The sight of a parent yelling angrily at a referee at a youth league baseball game has become a classic symbol of bad behavior in the world of parks and recreation. Passions can run high during athletic programs, and conflicts can emerge over how residents use their parks facilities.
Because the community’s need for civility extends into parks, many parks and recreation departments have established codes of conduct for their facilities and programming. This can be as simple as posted signage stating expectations — for example, the parks and their programs are available for everyone to use, and attendees and participants should communicate appropriately, treat everyone with dignity and respect, and focus on fair play and enjoyment. For youth sports, departments will sometimes ask parents to sign a code of conduct acknowledging that the game is for the benefit of the participating children and that the parents should serve as role models of courtesy and friendly competition.
Some parks and recreation departments will include disciplinary regulations to make their codes of conduct more enforceable. City governments that choose this route should use ordinances to enter the rules into the city code.
Here are some of the elements that a properly devised parks code of conduct should have:
Codes of conduct will often prohibit these behaviors:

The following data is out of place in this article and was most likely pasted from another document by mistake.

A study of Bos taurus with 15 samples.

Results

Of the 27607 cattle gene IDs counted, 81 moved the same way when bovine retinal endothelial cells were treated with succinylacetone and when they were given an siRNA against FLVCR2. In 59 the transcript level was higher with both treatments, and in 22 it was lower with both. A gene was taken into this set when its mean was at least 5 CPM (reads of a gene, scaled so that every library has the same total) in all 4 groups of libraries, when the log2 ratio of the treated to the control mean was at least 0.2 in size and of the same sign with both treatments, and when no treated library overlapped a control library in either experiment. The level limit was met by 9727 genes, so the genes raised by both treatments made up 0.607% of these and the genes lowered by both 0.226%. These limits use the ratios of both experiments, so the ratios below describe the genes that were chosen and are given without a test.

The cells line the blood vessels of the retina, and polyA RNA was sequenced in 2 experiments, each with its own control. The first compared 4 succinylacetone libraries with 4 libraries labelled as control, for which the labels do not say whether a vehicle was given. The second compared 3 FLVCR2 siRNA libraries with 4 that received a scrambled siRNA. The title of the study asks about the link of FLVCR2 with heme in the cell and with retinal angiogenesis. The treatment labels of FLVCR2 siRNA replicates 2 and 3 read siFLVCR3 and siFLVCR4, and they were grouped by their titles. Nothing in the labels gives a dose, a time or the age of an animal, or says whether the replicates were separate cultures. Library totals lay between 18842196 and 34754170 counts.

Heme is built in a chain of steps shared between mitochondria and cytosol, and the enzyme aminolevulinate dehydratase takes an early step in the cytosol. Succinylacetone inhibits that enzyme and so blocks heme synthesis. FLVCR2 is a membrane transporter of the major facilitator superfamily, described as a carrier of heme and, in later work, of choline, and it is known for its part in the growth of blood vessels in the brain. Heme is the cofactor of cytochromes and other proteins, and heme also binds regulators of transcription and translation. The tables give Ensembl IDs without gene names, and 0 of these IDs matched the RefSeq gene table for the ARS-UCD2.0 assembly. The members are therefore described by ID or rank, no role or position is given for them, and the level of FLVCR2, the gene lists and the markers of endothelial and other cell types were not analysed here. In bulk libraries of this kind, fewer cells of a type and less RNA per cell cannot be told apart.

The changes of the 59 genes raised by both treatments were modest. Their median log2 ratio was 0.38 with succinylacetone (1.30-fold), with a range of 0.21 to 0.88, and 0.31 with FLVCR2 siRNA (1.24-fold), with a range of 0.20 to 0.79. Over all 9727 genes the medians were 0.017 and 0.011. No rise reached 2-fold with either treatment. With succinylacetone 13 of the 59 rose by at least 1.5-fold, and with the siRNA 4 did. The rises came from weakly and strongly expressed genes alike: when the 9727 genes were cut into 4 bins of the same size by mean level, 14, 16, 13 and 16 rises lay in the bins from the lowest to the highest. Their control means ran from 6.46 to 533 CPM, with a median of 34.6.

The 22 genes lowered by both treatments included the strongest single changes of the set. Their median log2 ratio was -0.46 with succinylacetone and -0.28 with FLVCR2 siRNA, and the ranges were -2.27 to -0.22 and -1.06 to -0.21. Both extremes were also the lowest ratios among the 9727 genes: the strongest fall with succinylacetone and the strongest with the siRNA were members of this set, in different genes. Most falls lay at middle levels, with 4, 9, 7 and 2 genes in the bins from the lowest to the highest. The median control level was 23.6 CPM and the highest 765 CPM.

- Any form of physical, verbal or sexual abuse, including shoving, pushing, harassment, taunting or other forms of intimidation of participants or staff.
- Aggressive responses to official decisions — excessive throwing or kicking of items, yelling, or any other disruptive behavior.
- Obscene, profane or vulgar language.
- Abusing or vandalizing equipment.
- Obstructing the ability or others to use facilities, which can be anything from storing personal items on-site inappropriately, using amplified music without approval, taking up picnic facilities for a specified length of time, or failing to follow the rules posted for specific facilities.
- Possessing or drinking alcohol or illegal drugs, or attending events while intoxicated
- Carrying weapons. Note that the law governing the prohibition on the open carry of firearms in certain outdoor spaces, found in SC Code Section 23-31-235(c), was impacted most recently by the Open Carry with Training Act. State law specifies exactly the required dimensions of “no concealed weapons” signs. Find sample signs at www.masc.sc (keyword: open carry signage).
Procedures for ejections and trespass policy
The code of conduct can also detail how parks and recreation staff handle those who violate the rules. It can address these points:
- Verbal warnings issued by staff before they take any other action.
- Suspension from games, or ejection from facilities, including how soon violators must leave after being told to do so.
- When and how staff should proceed to investigate and issue trespass notices or suspensions of a person’s ability to participate in activities.
- For those suspended, the length of the suspension or process for reinstatement.
Parks departments should also make sure that staff is properly trained to handle difficult situations where an established code of conduct has been violated. They should also be trained on how to handle situations where an altercation leads to an injury.